Luke Cage History: From Hero for Hire to Hollywood
TV, Comic Books
Digital comics | Jim Munroe follows in the footsteps of PictureBox with an interesting sales offer for his post-Rapture comic Sword of My Mouth. He’s published the first issue as a comic, and issues #2-6 will be available online only. Next year it’ll all be collected into a trade paperback.
So for $12 + shipping, you can get the digital versions of each issue, as well as a signed and personalized copy of the printed graphic novel when it’s published in early 2010. The first 40 orders will also receive a screenprint. And for $6 you can get the six digital issues.
“In a time when the economy and other forces are making the print pamphlet model unsustainable for many indies, we’re excited to see how this will work,” he wrote. “The digital format isn’t going to replace the print book, but it’s an interesting format that allows for cheaper prices and more direct interaction between creators and readers — one we hope to foster by adding commentary.”
Social networks | The Hollywood Reporter reports that Warner Home Video is set to “announce a plan to sync up ‘friend’ networks on Facebook with the interactive community-screening features of Warners’ Blu-ray Disc releases, starting with the release of ‘Watchmen Director’s Cut.'”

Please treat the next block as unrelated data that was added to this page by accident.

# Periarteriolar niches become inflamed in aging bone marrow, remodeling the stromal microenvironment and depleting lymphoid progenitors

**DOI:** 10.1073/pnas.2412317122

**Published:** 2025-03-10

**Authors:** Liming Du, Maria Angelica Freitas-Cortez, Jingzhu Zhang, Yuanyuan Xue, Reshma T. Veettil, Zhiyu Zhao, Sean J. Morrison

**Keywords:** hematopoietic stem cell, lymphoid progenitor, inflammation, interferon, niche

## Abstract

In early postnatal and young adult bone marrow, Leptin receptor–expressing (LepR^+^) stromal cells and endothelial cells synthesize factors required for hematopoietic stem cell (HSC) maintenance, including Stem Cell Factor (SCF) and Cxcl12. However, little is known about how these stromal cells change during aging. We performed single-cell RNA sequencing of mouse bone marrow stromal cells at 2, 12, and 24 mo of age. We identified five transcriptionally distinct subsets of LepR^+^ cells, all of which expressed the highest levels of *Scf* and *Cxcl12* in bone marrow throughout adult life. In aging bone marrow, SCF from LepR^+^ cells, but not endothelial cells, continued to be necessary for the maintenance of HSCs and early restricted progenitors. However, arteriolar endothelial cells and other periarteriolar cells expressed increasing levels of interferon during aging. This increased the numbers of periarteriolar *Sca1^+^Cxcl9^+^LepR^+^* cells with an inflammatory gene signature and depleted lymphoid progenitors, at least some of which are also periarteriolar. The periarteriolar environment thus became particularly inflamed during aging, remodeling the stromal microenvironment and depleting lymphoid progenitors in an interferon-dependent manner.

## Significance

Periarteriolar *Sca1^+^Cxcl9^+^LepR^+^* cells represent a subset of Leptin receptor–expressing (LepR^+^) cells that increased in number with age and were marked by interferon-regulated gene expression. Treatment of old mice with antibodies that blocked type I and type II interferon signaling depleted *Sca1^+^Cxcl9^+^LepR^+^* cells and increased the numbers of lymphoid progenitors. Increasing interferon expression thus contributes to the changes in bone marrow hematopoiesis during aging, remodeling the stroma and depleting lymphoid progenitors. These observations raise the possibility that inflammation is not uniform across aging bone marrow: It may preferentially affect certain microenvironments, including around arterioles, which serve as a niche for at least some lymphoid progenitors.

Internet | Valerie D’Orazio points to this interesting article in the Chicago Tribune about TV executives reacting to the success of Hulu.com, the NBC/FOX joint venture (Disney recently signed on as well).
Here’s the money quote:
“If you give away your premium content for free, you are basically hastening your own demise, signing your own death warrant,” said Laura Martin, a media analyst with Soleil-Media Metrics. “There is a choice that companies have to make.”
Webcomics | He’s a no-nonsense cop. He’s a former cash register. Together, they fight crime.
Social networks | Marvel.com lists all the social media sites where the company has a presence.